Leadership teams of major organizations haven’t historically been diverse, but there is a way to make things better. Diversity in senior leadership teams takes intention, work, and planning. In my previous articles, we examined how retaining underrepresented talent as well as identifying where minority staff aren’t given promotions in your organization are keys to fostering a diverse workplace. However, if you really want the diversity within your organization to flourish, you need to create and implement a clear succession planning strategy so that underrepresented individuals have opportunities to advance all the way through, from entry-level to VP and even extending to C-Suite positions.
As greater numbers of organizations seek to include more ethnically and culturally diverse people in their workforces, it becomes increasingly important to address differences in representation among the various levels of staff and leadership. In my previous article, I shared about the importance of retaining staff from underrepresented communities and looking for “leaks” in the company. Today, we will examine the problem of “clogs” in the leadership pipeline that prevents some employees from moving up in an organization.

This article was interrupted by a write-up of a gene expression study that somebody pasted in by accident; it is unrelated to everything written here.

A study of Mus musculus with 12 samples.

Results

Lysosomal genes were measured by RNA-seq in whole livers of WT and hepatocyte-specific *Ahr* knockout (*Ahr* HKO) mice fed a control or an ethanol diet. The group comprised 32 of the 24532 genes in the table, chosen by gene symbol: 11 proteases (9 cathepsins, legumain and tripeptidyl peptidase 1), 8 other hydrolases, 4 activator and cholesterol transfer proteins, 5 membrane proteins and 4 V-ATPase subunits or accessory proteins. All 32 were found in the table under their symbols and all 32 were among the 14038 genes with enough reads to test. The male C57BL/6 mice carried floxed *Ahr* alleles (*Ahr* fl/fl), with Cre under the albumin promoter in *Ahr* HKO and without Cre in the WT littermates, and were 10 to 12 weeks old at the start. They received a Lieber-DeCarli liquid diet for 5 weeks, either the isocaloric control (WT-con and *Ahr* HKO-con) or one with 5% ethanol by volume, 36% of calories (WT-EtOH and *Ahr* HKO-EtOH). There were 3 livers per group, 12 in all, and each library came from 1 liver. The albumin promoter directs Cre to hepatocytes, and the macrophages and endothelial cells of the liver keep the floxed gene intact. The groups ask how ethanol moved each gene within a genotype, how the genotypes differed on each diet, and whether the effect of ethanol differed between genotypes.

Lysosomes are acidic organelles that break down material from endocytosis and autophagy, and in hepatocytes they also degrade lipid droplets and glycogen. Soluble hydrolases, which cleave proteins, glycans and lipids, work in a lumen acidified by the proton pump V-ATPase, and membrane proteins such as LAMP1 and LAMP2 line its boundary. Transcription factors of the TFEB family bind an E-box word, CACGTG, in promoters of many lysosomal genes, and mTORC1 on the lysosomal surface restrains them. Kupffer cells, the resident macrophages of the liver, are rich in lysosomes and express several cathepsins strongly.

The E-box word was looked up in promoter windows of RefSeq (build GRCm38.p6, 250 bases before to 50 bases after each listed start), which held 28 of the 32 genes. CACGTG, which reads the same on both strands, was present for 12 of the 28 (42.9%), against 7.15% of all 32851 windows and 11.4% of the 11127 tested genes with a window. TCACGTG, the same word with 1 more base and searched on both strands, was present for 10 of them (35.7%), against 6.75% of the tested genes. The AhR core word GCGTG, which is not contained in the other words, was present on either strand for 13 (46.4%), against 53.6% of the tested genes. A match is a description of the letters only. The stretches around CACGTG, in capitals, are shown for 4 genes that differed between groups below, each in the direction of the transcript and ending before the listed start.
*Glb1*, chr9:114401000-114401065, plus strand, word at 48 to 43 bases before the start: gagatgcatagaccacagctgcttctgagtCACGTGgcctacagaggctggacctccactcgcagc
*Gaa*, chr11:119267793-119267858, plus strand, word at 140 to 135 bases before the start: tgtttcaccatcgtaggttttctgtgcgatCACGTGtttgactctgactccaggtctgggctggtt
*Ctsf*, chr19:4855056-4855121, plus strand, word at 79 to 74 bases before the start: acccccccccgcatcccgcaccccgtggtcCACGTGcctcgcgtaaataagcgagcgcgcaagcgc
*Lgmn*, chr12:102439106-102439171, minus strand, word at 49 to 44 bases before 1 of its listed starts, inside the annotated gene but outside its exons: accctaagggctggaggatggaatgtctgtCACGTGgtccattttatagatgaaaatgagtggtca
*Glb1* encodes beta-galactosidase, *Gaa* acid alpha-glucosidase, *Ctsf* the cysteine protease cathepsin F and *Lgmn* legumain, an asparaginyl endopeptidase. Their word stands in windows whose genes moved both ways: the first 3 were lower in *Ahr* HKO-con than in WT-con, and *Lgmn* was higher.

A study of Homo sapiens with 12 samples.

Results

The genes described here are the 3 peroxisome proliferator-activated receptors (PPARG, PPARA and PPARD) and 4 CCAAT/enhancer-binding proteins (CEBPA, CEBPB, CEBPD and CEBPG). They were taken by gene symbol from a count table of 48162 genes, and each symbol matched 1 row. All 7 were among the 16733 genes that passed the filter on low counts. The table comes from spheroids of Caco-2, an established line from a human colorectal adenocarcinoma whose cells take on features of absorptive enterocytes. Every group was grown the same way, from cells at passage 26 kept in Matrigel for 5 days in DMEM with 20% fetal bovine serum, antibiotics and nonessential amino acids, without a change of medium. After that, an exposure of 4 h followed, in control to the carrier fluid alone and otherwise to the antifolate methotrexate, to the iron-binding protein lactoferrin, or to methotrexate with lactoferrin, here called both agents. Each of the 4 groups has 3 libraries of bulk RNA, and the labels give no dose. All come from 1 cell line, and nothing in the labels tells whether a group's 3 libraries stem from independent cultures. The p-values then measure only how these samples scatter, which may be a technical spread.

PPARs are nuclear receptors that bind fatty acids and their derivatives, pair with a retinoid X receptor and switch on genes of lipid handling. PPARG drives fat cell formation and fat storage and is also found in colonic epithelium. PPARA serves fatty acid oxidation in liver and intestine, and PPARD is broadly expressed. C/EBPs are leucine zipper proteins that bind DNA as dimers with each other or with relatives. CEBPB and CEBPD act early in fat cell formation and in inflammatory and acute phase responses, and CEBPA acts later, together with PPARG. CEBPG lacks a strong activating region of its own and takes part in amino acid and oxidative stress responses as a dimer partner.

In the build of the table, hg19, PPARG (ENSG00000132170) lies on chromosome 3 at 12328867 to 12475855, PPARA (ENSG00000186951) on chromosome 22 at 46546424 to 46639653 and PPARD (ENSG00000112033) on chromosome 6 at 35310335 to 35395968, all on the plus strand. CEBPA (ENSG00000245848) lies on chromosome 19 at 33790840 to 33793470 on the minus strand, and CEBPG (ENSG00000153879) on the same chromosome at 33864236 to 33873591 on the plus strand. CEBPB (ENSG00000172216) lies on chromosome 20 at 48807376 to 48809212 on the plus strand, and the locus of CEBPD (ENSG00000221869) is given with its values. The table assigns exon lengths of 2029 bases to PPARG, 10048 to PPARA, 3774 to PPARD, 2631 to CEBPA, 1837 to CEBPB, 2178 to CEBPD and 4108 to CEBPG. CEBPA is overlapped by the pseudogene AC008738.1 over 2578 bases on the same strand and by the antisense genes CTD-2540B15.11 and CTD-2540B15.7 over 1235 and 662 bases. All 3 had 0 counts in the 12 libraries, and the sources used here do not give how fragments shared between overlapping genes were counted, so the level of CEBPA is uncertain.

Recent studies are proving what many have suspected for years: More diverse workforces outperform less diverse ones. McKinsey’s Diversity wins: How inclusion matters report, published in May 2020, states that companies in the top quartile of ethnic and cultural diversity were 36% more likely to outperform companies in the bottom quartile. So, if your corporation is not ethnically and culturally diverse, then you do not currently have the best talent available.
In a recent webinar, I share about how organizations can engage employees at all levels to improve ethical conduct, through a video-based training approach. This is based on my work helping every T-Mobile employee Do It the Right Way.